My immediate thought when I saw this floor was a roof or plumbing leak, but that wasn't the case in this home.
My immediate thought when I saw this floor was a roof or plumbing leak, but that wasn't the case in this home.

The Problem

I was asked to look at a wood floor that was cupping and buckling throughout.

What Happened

The house was on slab and on-grade. The wood floor had been glued to the slab using a urethane "all-in-one" product with a warranty against damage from moisture. Two months after installation, the floor began to cup and then began to have areas that were buckling. The flooring contractor had been there multiple times for repairs.

The Inspection

I found the wood flooring to be consistent with the original complaint, and found signs of moisture in other features of the home. There was mold on the baseboard and drywall, and the ceiling had water stains. This house was not suitable for habitation. Everyone's first thought was a roof leak, but the roof had been checked—it wasn't leaking and hadn't leaked. The next thought was a busted water pipe, but the plumbing had been inspected by a plumber who determined no leak was or had been present. I started to pull up the wood floor and, sure enough, found standing water under the wood flooring.

I didn't mention until now that the home was in southern Louisiana. Looking out the front or back doors, there is nothing but swamp. Before the inspection, no moisture testing had been done, since the adhesive has a warranty that states "unlimited moisture" (but has some restrictions in the complete warranty). I then went outside and found the side of the house, gutters and concrete along the back of the house covered in mildew. I went out to the street to take in as much of the house as I could, and I realized not only was the grade of the yard down toward the house, but the house was about 12 inches lower than the the boundary of the yard and surrounding swamp.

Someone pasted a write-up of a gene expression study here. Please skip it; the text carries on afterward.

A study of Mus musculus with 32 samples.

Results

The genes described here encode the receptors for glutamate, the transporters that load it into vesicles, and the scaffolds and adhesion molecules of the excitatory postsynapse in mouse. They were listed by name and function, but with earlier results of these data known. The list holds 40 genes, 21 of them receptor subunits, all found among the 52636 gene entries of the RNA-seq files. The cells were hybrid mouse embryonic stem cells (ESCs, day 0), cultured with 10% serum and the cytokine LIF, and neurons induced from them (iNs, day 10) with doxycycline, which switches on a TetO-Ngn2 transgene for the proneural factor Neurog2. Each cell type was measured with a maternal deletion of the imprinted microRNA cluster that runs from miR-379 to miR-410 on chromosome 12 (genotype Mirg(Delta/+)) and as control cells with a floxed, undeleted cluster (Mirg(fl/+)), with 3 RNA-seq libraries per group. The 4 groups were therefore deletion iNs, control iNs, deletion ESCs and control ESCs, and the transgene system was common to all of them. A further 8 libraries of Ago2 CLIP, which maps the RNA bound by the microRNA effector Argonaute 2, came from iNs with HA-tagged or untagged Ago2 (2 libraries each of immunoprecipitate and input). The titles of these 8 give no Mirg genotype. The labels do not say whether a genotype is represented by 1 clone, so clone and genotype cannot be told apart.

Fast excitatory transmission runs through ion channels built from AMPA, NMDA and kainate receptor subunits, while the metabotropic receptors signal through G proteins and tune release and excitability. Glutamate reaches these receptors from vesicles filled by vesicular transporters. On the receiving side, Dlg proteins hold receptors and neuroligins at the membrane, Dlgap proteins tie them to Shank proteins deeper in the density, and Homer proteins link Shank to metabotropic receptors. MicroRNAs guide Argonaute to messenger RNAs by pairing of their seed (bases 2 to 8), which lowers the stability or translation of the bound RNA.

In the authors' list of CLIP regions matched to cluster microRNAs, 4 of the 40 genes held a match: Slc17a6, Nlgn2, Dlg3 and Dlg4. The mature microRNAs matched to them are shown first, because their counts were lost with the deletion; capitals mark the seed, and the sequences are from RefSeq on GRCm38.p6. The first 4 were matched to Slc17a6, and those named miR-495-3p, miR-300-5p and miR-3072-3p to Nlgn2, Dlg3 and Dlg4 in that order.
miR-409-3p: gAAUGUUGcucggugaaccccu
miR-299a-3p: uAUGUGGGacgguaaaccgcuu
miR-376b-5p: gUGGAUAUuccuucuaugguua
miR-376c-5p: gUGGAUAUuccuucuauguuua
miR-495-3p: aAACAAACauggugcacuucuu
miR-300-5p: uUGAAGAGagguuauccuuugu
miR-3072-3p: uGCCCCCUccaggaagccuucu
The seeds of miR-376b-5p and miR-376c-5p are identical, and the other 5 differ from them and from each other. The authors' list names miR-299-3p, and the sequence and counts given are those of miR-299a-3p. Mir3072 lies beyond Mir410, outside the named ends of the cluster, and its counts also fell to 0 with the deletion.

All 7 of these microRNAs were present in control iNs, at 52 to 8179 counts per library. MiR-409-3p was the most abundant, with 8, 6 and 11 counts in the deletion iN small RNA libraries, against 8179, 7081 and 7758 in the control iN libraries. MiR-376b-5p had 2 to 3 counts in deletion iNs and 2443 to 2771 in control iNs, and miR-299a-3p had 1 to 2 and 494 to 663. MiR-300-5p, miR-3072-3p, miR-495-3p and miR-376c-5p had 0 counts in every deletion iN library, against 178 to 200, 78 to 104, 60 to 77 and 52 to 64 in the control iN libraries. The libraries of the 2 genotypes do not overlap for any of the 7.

The slab was literally below the water table. It is one of only two jobs I have seen in my entire career that truly had "hydrostatic pressure." This term is often used, but is rarely the case. It can occur ONLY when the bottom of a slab is below the top of the water table—the water is forced down, under, and back up through the slab, trying to equalize with the highest point.

How to Fix the Floor

French drains had to be installed around the perimeter of the home. After mold remediation in the home, a new wood floor had to be installed.

In the Future

The GC learned a valuable lesson regarding intact vapor retarders and water tables on this job. Even with adhesives that carry an unlimited moisture warranty, it is still a good idea to perform moisture testing.